Motorcycle scramble racing is becoming more and more popular in the Gulf State of Bahrain, the Only Middle East country where the sport is held.
MVs Riders and mechanics preparing bikes (3 shots)
MV Rider puts on helmet
MVs Riders preparing for start (3 shots)
MV PAN riders at start, an underway (2 shots)
MV Spectators, and riders through dust bowl (2 shots)
GV Bikes down straight
MV Bikes over jump with spectators (3 shots)
MVs Bikes out of hole, round bend and away (2 shots)
MV Small child watches rider through hairpin
MVs Riders over bumps (2 shots)
MV Crowd as riders over bumps (2 shots)
MV Riders through hole and past chequered flag with spectators (3 shots)
MV winner (No. 25) takes off helmet and is presented with cup (3 shots)
Initials BB/1925 MU/DK/BB/1940
SPORT: MOTORCYCLE SCRAMBLING
The only organised club in the country is the Bahrain Sandblasters Club, which races every Friday during the season.
About half the competitors in the club, which has been going three years, are Bahrainis; the other half are Americans, Britons, Scots and Dutch working in the country.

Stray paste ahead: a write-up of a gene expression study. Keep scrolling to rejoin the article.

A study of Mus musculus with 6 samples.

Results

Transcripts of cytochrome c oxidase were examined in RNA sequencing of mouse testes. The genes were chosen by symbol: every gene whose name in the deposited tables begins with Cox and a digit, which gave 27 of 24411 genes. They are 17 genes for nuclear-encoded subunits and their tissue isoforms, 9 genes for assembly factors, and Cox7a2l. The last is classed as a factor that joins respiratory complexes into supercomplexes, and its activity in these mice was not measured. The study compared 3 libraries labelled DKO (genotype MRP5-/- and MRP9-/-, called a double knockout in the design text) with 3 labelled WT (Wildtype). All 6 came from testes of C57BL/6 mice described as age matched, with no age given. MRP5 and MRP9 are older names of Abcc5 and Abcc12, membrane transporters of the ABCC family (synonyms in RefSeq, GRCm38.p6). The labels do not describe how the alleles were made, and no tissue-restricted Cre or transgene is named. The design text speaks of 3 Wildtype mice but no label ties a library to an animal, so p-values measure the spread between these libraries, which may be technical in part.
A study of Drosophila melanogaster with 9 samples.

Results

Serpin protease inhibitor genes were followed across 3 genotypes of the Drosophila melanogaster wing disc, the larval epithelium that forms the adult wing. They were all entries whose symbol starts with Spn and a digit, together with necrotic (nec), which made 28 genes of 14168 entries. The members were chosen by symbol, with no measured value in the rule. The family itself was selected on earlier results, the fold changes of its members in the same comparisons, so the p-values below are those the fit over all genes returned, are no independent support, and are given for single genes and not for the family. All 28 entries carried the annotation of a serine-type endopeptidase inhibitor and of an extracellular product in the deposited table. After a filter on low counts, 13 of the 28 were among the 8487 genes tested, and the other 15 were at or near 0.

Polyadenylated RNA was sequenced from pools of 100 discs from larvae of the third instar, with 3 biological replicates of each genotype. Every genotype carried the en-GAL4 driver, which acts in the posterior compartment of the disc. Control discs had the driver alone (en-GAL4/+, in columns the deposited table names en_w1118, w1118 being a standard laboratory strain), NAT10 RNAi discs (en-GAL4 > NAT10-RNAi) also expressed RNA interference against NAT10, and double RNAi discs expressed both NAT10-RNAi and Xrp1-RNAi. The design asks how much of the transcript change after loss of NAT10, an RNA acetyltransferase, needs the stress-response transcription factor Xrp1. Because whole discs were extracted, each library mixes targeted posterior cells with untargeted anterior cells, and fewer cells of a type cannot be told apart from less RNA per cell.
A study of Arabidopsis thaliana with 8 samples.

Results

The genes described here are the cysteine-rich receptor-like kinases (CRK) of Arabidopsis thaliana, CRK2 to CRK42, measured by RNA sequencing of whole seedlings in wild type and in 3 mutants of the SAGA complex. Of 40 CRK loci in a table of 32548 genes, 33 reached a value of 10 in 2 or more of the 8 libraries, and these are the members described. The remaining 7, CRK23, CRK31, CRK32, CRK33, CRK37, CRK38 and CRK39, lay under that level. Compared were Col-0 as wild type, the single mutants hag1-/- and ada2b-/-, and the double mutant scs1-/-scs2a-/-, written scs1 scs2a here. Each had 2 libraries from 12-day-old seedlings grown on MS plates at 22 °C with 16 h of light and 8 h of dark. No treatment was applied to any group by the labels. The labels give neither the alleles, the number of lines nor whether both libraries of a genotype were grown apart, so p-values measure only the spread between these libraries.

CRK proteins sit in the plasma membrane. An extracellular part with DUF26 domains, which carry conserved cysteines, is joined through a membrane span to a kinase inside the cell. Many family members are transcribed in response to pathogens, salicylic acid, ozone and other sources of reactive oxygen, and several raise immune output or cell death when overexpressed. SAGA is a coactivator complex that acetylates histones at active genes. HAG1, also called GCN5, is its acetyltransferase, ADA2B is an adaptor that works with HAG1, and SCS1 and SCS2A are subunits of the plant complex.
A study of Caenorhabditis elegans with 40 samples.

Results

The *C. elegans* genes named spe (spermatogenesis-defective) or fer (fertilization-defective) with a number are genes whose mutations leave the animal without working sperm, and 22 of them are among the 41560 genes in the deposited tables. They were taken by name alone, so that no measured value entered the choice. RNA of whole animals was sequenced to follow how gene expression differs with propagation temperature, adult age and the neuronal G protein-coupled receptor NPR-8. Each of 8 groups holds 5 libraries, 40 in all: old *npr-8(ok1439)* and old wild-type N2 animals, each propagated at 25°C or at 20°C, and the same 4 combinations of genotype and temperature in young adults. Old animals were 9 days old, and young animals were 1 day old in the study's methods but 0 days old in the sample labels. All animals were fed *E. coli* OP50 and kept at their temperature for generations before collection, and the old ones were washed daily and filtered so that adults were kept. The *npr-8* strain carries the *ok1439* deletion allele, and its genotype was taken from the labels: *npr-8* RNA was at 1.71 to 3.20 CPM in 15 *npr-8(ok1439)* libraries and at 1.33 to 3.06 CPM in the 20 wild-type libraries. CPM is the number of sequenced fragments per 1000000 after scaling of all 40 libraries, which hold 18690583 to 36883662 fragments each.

The club has a track marked out in the desert near the capital, Manama.
Riders buy their own special scramble motorcycles, and pay up to ???180 for their riding gear.
The sport is unknown everywhere else in the Middle East.
The race shown in the film was run on Friday (12 March) and was won by a Scot, Tom Davis. Runner up was Karim Mansour, half Bahraini and half Swiss.
SYNOPSIS: Tension is high in the pits at the start of this motorcycle scramble race near the Bahrain capital of Mamama on Friday.
These riders are members of the Sandblasters Motorcycle club, the only motorcycle scramble club in the Middle East.
They're off in the feature race of the day. The club races every Friday at it's track in the desert. Each rider has his own special scramble motorcycle, and pays up to ???180 for has riding gear.
Half the competitors are Bahrainis, and the other half are Americans, Britons, Scots and Dutch working in the oil-rich state. Scrambling is really catching on as a spectator sport in Bahrain, and the Bahrainis have it to themselves, as it is unknown elsewhere in the Middle East.
The course has all the dips, jumps and hairpins of scramble tracks in other parts of the world. The winner of this race was a Scot, tom Davis, and runner-up was Karim Mensour, half Bahraini, half Swiss. Tom was given a winner';s trophy by club official Bob Button.